When Does Law Become Criminal?

If you've ever criticized taxation in front of an average statist, be them liberal or conservative, you know that it quickly turns awkward. They insist that taxation is necessary for certain services and that they're happy to pay it. They sometimes even assume you're advocating not paying taxes, then the conversation turns towards a discussion on the merits of "obeying the law".

We are just supposed to obey the law, people say. My fellow Latter-day Saints are even more insistent on this, throwing out the knee-jerk 12th Article of Faith reaction. We are supposed to support "government" and obey the law. We are supposed to be good little citizens. If we don't like the law, we can write a letter to our congressman, our run for office ourselves, etc.

But what about when the law becomes criminal? What, you don't believe the law can be criminal? You say: "Taxation isn't criminal. Government interventions in my business transactions isn't criminal. The state deciding what I can or can't consume isn't criminal. No, not at all. We've all tacitly consented to the social contract that legitimizes the government that passes laws that create taxation, economic interventions, and consumption laws."

At what point would you begin to question the legitimacy of the law? If everything the government does is kosher, then can it ever do wrong? You would think not. It can steal, ie. tax, with impunity. It can control our consumption. It can insert itself into every one of our relationships or interactions with others. It can even force us to fight it's wars. It can do no wrong, you see!

Or can it? Surely your average liberal or conservative statist would be horrified if their government started killing all but one of their children. Or if the government started requiring your entire income, leaving you with food stamps and housing vouchers. Wouldn't they? Wouldn't they be absolutely horrified? They would! And rightly so! The government has become a criminal gang. Before, with it's minor taxation (and inflation) and economic interventions, we were okay with it. We blithely assumed that tacit consent and the social contract kept us all fat and happy. That government was there for our good.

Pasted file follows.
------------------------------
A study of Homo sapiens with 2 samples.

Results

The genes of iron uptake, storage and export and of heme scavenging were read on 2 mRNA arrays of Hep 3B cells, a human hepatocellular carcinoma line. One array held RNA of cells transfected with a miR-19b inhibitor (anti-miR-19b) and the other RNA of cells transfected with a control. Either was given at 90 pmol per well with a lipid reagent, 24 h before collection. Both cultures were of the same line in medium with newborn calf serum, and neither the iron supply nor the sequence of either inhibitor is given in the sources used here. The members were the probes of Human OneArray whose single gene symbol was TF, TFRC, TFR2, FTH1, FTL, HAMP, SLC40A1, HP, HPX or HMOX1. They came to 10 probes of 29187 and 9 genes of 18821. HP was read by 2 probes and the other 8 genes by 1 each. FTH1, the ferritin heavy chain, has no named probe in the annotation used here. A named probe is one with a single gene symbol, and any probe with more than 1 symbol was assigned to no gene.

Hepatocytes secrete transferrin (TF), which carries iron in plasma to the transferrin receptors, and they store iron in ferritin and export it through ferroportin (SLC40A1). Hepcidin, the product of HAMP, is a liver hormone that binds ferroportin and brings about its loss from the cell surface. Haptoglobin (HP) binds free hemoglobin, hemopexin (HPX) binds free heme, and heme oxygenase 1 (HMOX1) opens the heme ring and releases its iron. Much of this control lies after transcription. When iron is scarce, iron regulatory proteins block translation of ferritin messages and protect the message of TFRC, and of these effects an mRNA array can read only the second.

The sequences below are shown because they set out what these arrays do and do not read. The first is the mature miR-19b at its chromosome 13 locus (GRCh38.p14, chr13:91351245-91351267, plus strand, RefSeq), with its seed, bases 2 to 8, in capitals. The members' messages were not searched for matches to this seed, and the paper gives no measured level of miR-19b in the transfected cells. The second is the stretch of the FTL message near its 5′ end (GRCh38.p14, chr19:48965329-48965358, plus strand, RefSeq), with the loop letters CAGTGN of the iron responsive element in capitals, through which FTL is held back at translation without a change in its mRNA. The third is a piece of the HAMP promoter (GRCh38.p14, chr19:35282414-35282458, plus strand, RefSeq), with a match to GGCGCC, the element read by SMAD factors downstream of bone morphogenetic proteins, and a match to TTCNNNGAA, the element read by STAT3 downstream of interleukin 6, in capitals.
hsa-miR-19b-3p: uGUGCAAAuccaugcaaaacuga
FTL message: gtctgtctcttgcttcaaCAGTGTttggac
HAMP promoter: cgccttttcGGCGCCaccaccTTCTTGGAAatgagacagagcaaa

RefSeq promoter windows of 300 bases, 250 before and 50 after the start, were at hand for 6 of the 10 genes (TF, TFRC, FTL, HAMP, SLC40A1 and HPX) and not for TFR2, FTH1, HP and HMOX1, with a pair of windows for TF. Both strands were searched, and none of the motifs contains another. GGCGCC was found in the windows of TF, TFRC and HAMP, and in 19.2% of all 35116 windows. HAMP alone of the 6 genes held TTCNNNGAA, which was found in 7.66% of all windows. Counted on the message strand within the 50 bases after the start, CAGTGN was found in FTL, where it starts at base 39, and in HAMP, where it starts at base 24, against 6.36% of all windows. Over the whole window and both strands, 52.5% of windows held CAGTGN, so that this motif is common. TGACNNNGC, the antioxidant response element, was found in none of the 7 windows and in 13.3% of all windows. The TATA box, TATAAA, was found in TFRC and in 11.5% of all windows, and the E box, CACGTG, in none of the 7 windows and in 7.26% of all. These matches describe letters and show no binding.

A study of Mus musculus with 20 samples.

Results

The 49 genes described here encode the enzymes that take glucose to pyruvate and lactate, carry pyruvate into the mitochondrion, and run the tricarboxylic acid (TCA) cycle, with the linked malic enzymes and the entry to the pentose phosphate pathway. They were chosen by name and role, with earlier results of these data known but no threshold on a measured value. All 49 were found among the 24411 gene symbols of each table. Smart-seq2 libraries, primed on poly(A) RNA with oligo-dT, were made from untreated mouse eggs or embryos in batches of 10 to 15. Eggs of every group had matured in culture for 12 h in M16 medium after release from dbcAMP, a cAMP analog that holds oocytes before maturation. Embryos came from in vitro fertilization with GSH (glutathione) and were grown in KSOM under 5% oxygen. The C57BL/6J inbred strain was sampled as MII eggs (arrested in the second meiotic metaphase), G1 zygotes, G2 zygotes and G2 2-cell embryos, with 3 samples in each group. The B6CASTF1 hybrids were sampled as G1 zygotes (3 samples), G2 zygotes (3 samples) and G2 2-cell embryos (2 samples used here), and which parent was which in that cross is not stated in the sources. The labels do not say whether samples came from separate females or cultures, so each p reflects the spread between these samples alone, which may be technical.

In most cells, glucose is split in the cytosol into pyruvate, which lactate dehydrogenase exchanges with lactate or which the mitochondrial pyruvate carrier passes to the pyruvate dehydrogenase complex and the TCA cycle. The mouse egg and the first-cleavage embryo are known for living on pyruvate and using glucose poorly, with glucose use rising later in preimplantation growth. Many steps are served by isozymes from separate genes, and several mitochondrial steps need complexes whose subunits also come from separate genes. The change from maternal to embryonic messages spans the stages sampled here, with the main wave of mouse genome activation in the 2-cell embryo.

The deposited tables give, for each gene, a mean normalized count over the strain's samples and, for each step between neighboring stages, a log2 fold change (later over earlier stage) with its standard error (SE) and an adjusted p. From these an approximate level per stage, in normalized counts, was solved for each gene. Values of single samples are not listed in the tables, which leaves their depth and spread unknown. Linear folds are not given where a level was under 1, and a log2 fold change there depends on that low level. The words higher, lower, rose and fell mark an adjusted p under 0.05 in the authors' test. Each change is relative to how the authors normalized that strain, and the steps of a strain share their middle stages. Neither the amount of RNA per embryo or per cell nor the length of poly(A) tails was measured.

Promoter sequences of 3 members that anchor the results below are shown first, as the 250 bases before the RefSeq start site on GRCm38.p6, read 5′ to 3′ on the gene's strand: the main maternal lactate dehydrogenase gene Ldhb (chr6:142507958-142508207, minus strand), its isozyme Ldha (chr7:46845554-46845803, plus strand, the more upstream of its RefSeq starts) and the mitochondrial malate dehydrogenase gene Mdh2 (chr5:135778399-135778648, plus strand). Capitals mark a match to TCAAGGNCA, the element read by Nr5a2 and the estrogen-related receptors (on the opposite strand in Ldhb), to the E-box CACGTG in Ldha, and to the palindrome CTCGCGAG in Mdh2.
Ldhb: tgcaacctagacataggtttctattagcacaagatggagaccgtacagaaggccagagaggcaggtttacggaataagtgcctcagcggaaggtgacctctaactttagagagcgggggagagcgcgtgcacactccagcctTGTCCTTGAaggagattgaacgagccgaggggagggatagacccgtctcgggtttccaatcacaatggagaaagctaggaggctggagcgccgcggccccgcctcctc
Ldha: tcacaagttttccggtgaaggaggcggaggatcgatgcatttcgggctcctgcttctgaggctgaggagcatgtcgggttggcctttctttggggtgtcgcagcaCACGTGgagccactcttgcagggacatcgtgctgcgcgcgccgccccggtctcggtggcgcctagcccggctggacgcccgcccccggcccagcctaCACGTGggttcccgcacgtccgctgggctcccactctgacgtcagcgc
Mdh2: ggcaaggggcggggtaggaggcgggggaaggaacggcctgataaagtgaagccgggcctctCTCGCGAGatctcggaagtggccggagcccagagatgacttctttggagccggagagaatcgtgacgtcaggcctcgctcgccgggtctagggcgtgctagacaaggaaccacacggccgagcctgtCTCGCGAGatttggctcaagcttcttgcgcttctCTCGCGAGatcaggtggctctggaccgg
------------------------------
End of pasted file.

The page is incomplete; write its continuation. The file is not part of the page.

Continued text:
But it wasn't. It never was. There's no such thing as a social contract. Authority must be explicitly granted, and few people living today have explicitly granted power to those who exercise authority over them (and dissenting others). Every state today is illegitimate for the majority of the people it rules over. Only when their laws, already criminal, become obviously criminal do people see the illegitimacy of the state. Don't wait for that. It could be too late.

Take the time now to study the origin and nature of the state. Free your mind from it's control, first and foremost, and then you will be free. You will have changed your mentality. You will see the state for what it is, and you will understand why it's important to obey it's laws. Not because they are good and right and legitimate, but because if you don't, you will either wind up in a cage, or dead.

Comments

Brodie Mower said…
So that 12th article of faith does seem like it would be extremely difficult to overcome.

I wonder if pointing out that throwing a snowball in Provo is illegal would make a difference? Or would they just stop throwing snowballs in Provo?
I believe this is a valid interpretation of the 12th Article of Faith: http://www.ldsliberty.org/the-twelfth-article-of-faith-and-obedience-to-the-law/
Lyn said…
Nicely put. Most people file tax returns to avoid going to prison. Think about it. Why should the government know where you work, what you do, and how much $ you make? It's none of their business. But many people fill out the IRS forms, paper clip W-2's and other proof of income, sign it under threat of perjury, and mail it in.

As for social contract I never signed one. I completely disagree with government taking my tax money and spending it to subsidize the poor especially those that continuously make foolish choices & have kids they can't afford.